Interview with Rick Rusaw

By Brad Dupray

Rick Rusaw has been senior minister at LifeBridge Christian Church, Longmont, Colorado, for 15 years while church attendance has grown from 700 to about 3,300. As an “externally focused church,” LifeBridge has become connected to the culture of its community by providing volunteer services for a wide variety of agencies. Rick’s new book, Living a Life on Loan (coauthored with Eric Swanson), chronicles the journey a Christian can experience in such service. Standard Publishing releases the book September 1.

What is an externally focused church?

An externally focused church cares about the health and well being of its community. Service outside the church becomes normative for every believer good deeds and good news go together. There is opportunity for us to meet the needs and dreams of the community. As we respond, we create relational opportunities to talk about grace.

If there are externally focused churches, there must be internally focused churches. How does a church get that way?

Churches work hard at ministering to the people they have and view the community as outsiders who need to come to church. “If they come we’ll do everything we can to connect with them, but we’re more about come than we are about go.” Historically, in our country, liberal churches gave up biblical values but held on to the social gospel. Evangelical churches have held on to biblical truths and gave up serving. I’ve never seen it as “either/or.” I’ve seen it as a “both/and” thing.


Is the external focus all about evangelism?

We see external focus as an opportunity to talk about grace. We don’t see what we do as “strings attached.” We look to partner with the community, rather than start a new ministry, and we don’t care if LifeBridge gets the credit. We choose to take a much longer view. The best opportunity to share good news with someone comes through relationship. Yet, churches have lost the relational strength to speak into the fabric of the community. Service has been a great vehicle to grab that relational strength back.

Was there a time when LifeBridge intentionally became an externally focused church?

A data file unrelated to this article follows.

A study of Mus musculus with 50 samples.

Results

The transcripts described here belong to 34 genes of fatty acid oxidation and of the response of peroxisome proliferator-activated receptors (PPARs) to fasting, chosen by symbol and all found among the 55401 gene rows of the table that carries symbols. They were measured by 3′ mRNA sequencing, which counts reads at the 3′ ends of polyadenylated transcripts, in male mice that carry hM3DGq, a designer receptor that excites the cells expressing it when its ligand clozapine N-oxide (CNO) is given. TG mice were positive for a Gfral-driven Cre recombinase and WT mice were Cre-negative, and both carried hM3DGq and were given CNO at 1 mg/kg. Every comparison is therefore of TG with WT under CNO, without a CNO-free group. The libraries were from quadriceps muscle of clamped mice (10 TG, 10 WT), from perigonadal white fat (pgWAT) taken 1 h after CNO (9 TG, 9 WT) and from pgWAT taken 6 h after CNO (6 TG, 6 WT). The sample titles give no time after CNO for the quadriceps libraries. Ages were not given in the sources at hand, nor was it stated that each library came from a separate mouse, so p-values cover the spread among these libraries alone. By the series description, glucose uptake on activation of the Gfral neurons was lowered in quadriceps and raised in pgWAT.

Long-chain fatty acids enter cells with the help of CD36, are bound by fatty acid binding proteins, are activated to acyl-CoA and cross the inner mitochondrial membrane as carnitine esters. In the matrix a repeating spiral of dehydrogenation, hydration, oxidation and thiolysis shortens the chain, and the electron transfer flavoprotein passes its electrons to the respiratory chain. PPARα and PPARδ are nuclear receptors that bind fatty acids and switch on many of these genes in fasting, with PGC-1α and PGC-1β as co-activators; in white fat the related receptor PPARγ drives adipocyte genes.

All we did was provide an outlet for people to do something they would naturally do. We said, “How can we reach the needs of our community?” We discovered there were already all kinds of opportunities for serving in our community. We simply tried to find ways to encourage people to be intentional with their service.


How do you track who is doing ministry in the community?

Do you have a pastor or department for external focus? We see external focus as part of the DNA of LifeBridge. While we have a community transformation team and a part time staff member, we don’t do a project if it doesn’t connect back to one of our ministries. We don’t just do “externally focused”; it’s who we are.

Your Web site says your goal is to have 50 percent of your congregation in “meaningful, regular volunteer service.” How are you doing on that goal?

We’re pretty close to getting there. We encourage people to think about three hours a week, an hour where they worship, an hour of personal growth (small groups or personal study) and an hour of service (either through the church or in the community as long as it is helping others and honoring God).

Do people at LifeBridge think of themselves as “externally focused”?

I think for awhile people didn’t think of it that way, but I know now they do. They get it. They know they’re serving the community. We love Ephesians 2:8, 9 (“For by grace you have been saved, through faith”), but verse 10 says, “For we are God’s workmanship, created in Christ Jesus to do good works, which God prepared in advance for us to do.” The whole parable of the Good Samaritan really started when the guy got off his donkey and did something.

Is this about growth? Depth?

It has given people a lot of opportunity to discover God’s grace in their lives. We’ve had a lot of people come to Christ as a result of this. It has also raised the church’s reputation in the community. We have the opportunity to be salt and light in a positive way. It has also given us a voice in the community.

This doesn’t sound like brain surgery. Isn’t it what the church should be doing?

We don’t feel we’ve invented or discovered this. We just feel we’re doing what the church is called to do.

Brad Dupray is director of public relations and advertising with Provision Ministry Group, Irvine, California.